With the recent polar vortex that ripped through the country, we thought it would be helpful to share some tips for you: the nurses and allied health caregivers who can’t just call-off, pull the blankets over your head, and have a snow day.
Here are five ways to stay safe if you have to drive in winter weather:
- Know the weather and plan accordingly – Keep an eye on the forecast so you are aware of future conditions and what you will need to plan for. If the weather is bad, make sure to depart early and leave ample time to get to work safely. It’s better to get a coffee and kill fifteen minutes before a shift than have to rush and never arrive because of an accident.
- Charge your phone – The last thing you want is to be stranded on the side of the road with a dead cell phone. If you’re working a day shift, you might get lucky and have a Good Samaritan stop to help, but if you’re working a night shift in a rural area, there’s a good chance you might be stranded for a while. Play it safe and take the time to charge your phone before going out in terrible weather.
- Pack accordingly – If you know you have to drive in inclement weather, plan for the worst and pack your vehicle with an emergency kit. Some essential items to have are:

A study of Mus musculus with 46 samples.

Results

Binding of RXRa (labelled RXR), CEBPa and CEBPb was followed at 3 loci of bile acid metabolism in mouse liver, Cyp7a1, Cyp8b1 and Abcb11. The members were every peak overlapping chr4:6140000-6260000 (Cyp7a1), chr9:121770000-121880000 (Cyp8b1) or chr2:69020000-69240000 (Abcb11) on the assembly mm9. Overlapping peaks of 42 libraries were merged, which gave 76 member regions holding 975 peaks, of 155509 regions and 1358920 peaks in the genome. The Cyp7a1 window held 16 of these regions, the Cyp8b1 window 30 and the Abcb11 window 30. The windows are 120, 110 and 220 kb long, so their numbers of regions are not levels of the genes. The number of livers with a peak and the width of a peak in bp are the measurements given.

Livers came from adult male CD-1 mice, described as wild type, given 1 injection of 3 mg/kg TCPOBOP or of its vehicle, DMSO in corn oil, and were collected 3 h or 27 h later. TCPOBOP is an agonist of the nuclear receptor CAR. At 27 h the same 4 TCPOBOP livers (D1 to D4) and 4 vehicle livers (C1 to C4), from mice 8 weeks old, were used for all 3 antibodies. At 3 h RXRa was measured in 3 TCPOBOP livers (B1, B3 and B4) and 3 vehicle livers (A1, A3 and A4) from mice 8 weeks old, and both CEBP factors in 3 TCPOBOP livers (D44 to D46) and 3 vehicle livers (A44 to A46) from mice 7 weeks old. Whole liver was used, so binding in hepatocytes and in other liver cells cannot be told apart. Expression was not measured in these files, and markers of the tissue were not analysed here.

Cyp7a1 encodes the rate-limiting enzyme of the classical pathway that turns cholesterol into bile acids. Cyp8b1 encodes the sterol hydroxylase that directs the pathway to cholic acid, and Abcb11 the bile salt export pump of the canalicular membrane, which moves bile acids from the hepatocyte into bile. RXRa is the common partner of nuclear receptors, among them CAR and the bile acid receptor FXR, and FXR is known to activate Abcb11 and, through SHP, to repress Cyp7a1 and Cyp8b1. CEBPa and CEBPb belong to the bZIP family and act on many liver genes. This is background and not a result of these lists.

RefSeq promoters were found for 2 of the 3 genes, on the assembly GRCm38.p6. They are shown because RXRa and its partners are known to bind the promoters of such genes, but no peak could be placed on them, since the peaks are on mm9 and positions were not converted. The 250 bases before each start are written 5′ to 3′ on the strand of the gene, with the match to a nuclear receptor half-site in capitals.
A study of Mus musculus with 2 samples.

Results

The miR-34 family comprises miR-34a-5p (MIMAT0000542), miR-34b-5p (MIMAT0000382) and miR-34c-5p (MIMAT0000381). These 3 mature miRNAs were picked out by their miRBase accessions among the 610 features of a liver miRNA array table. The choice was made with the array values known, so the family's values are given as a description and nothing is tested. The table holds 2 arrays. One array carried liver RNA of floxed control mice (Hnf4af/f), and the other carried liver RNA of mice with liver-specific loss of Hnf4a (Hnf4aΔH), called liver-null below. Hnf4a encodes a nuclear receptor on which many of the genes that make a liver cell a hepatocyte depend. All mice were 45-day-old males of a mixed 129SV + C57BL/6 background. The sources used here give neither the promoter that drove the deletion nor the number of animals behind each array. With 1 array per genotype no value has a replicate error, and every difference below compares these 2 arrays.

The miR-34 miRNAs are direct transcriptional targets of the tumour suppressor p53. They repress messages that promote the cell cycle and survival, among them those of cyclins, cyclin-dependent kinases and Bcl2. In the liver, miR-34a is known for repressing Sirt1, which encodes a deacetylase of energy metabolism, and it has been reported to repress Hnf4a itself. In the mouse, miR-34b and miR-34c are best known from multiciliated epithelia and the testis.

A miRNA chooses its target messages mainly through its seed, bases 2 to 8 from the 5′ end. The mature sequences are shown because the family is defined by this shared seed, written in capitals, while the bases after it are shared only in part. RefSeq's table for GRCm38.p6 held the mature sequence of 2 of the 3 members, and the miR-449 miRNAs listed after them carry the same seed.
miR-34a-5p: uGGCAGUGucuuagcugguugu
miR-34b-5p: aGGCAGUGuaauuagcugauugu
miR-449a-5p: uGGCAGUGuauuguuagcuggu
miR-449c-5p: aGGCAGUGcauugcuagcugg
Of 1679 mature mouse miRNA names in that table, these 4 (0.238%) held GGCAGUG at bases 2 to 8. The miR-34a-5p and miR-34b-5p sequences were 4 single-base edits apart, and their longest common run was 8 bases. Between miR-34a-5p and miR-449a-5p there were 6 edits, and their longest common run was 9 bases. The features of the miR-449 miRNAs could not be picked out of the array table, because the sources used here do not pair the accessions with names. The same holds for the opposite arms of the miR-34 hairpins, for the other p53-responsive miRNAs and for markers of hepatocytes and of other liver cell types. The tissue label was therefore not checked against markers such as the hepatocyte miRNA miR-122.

- Additional warm clothing including a hat, gloves, and socks
- Hand/foot warmers
- Jumper cables
- First-aid kit
- Small shovel
- Non-perishable, high-calorie food
- Tool kit
- Kitty litter or sand
- Eyes on the road, hands on the wheel – Distracted driving is dangerous under the best conditions. Throw snow and ice into the mix, and you’re just asking for an accident. Make sure to stow the phone and food, keep your hands at ten and two, and pay extra attention to everything going on around you.
- Ask for help – Worried that your small car might not make it? Nervous about driving in bad weather? Take public transportation. Ask a friend who has a truck, a kind heart, and nerves of steel to give you a ride. You can call your nurse manager and see if they can help with housing the night before a shift. There are many options, just make sure to plan ahead and don’t wait until the last minute.
This time of year, severe weather is always just around the corner, and we want to make sure that you’re safe on your way to care for others. Stay warm, stay smart, and stay safe.